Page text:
August unemployment rate was 3.4 percent as expected. The rate has wavered between 3.3 percent and 3.4 percent since March. Employment was up 160,000 from a year ago. The labour force participation rate added 0.1 percent 59.6 percent on the year while the employment rate was 0.2 higher at 57.6 percent.
Job availability continues to climb. The job to applicants ratio rose to 1.23 in August from 1.21 in July and expectations for it to hold steady at that level. This is the highest level of job availability since January 1992, and suggests the unemployment rate could still decline in coming months.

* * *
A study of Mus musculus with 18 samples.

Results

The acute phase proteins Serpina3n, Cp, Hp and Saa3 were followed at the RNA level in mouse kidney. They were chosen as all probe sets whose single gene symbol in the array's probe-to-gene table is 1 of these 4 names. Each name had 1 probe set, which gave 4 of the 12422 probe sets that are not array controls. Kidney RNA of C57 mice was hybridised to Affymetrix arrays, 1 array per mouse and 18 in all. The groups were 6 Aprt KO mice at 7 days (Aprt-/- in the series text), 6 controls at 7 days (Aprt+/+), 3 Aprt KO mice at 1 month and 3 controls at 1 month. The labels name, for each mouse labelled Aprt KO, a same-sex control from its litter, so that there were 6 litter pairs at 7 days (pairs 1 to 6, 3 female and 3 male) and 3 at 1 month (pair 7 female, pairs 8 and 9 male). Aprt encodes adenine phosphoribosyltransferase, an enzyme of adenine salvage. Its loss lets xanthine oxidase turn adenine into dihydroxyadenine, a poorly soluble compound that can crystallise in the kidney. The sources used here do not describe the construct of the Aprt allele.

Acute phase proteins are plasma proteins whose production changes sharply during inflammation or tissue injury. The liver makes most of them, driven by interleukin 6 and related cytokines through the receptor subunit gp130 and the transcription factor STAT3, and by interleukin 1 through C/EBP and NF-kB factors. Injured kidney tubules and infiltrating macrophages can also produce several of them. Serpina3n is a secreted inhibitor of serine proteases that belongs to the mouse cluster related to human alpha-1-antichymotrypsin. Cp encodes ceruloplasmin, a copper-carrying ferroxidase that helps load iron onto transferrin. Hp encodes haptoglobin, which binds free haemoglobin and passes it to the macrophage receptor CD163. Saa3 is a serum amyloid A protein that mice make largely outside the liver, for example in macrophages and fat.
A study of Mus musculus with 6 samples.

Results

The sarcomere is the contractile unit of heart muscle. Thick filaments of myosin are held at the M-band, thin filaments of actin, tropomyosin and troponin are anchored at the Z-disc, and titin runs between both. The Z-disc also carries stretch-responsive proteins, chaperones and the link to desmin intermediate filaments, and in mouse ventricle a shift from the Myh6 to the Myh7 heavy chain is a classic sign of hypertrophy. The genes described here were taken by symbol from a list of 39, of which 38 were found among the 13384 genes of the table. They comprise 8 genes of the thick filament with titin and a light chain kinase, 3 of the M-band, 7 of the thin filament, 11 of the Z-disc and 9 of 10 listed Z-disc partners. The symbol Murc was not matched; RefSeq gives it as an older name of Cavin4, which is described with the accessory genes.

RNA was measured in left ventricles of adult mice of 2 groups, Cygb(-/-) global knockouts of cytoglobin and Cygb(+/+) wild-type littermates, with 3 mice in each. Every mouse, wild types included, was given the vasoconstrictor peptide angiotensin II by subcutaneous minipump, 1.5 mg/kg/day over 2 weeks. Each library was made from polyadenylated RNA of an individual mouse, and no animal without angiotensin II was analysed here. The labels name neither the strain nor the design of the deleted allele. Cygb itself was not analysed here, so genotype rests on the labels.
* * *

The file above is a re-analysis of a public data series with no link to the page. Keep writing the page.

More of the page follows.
The unemployment rate measures the number of unemployed as a percentage of the labor force.
The unemployment rate and employment change are carefully monitored. The employment data show the number employment along with the change in employment for the previous year. Monthly changes in employment also help clarify whether businesses are hiring. The unemployment rate is the percentage of the labor force that is unemployed. A lower jobless rate translates into more income earning workers and greater consumption. Increased spending is a positive for consumer oriented economic growth, something that has lagged in Japan.
By tracking the jobs data, investors can sense the degree of tightness in the job market. If wage inflation threatens, it's a good bet that interest rates will rise; bond and stock prices will fall. No doubt that the only investors in a good mood will be the ones who watched the employment report and adjusted their portfolios to anticipate these events.